A federal appeals court has upheld a radical British Islamist cleric's 2014 terrorism conviction.
Mustafa Kamel Mustafa, more commonly known as Abu Hamza, was convicted of 11 terrorism charges in Manhattan federal court and sentenced to life in prison. He was charged with multiple counts of providing material support to al-Qaida and with participating in a hostage-taking operation in Yemen. He also helped set up a terrorist training camp in Bly, Oregon, and facilitated violent jihad in Afghanistan.
He spent much of the 1990s running London's Finsbury Park Mosque. He was arrested in 2004, triggering a nine-year legal battle over his extradition to the United States.
In its ruling Tuesday, the Second Circuit Court of Appeals did dismiss convictions on two counts relating to helping the jihad in Afghanistan in 2000-01 because U.S. law relating to providing material support to terrorists was confined to material support "within the United States" at the time of the conspiracy.
"Evidence that Mustafa, in London, arranged for [Feroz] Abbasi to be transported from London to Afghanistan, could not satisfy the statute's nexus requirement because no part of the conduct occurred within the United States," the court ruled.
The terrorism statute was amended after the 9/11 attacks to include material support that occurred outside the United States.
The Yemen attack took place in December 1998, and involved the abduction of 16 tourists, including two American. Abu Hamza "aided and abetted the terrorist Islamic Army of Aden" in the attack by providing a satellite phone and advice to the kidnappers. Four hostages were killed, which Abu Hamza subsequently described as "a good thing" in Islam.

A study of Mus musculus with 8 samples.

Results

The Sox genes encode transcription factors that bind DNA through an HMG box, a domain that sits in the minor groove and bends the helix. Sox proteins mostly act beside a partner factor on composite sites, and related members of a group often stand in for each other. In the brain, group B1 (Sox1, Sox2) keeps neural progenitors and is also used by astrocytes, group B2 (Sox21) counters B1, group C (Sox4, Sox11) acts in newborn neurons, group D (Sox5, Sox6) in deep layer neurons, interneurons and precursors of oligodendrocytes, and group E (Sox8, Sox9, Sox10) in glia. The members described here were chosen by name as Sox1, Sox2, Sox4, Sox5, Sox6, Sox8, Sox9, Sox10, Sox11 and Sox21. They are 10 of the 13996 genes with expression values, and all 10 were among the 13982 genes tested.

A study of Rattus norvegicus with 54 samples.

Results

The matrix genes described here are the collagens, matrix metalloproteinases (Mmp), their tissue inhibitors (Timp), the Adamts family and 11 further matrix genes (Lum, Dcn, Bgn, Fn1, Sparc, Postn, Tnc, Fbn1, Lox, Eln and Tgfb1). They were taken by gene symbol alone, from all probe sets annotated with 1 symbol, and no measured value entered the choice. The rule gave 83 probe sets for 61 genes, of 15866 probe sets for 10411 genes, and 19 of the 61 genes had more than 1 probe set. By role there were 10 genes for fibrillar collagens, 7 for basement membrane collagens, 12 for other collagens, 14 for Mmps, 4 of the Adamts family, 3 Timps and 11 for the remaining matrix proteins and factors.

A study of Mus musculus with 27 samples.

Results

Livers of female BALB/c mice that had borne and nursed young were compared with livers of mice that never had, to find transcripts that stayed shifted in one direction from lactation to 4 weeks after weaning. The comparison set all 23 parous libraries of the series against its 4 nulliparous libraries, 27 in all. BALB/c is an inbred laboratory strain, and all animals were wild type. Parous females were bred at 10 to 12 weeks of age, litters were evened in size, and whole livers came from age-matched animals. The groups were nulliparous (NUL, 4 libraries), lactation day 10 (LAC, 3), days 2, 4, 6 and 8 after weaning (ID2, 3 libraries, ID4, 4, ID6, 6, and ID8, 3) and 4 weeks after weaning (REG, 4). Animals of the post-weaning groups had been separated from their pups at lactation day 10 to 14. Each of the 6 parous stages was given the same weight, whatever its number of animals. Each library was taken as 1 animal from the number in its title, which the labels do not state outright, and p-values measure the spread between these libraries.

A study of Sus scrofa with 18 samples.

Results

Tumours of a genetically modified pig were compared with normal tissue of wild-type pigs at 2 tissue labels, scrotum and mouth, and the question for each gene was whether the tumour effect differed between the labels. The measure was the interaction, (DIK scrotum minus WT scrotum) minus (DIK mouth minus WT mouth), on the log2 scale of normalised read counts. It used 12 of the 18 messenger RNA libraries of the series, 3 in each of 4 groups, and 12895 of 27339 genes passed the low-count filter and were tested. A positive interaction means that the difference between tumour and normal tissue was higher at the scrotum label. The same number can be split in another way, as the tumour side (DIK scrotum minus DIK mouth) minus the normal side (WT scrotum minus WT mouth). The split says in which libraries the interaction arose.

In 1999, Abu Hamza and several co-conspirators tried to establish a terrorist training camp in Bly, Oregon, to support al-Qaida. He directed two men to travel from London to Bly to help set up the camp.
One, Oussama Kassir "brought with him various tools to conduct this training, including manuals on manufacturing poisons, nerve gas, and explosives...[and was] also was in possession of letters addressed to both Usama Bin Laden and Abu Hamza, reflecting his support for those individuals," a prosecution sentencing memo said.
Kassir was convicted in connection with the conspiracy and sentenced in 2015 to 20 years in prison.
At his sentencing hearing, U.S. District Judge Katherine B. Forrest described Abu Hamza's conduct as "barbaric, misguided and wrong" and remarked, "[I]t is important to me that you have not expressed sympathy for the victims of the Yemeni kidnappings."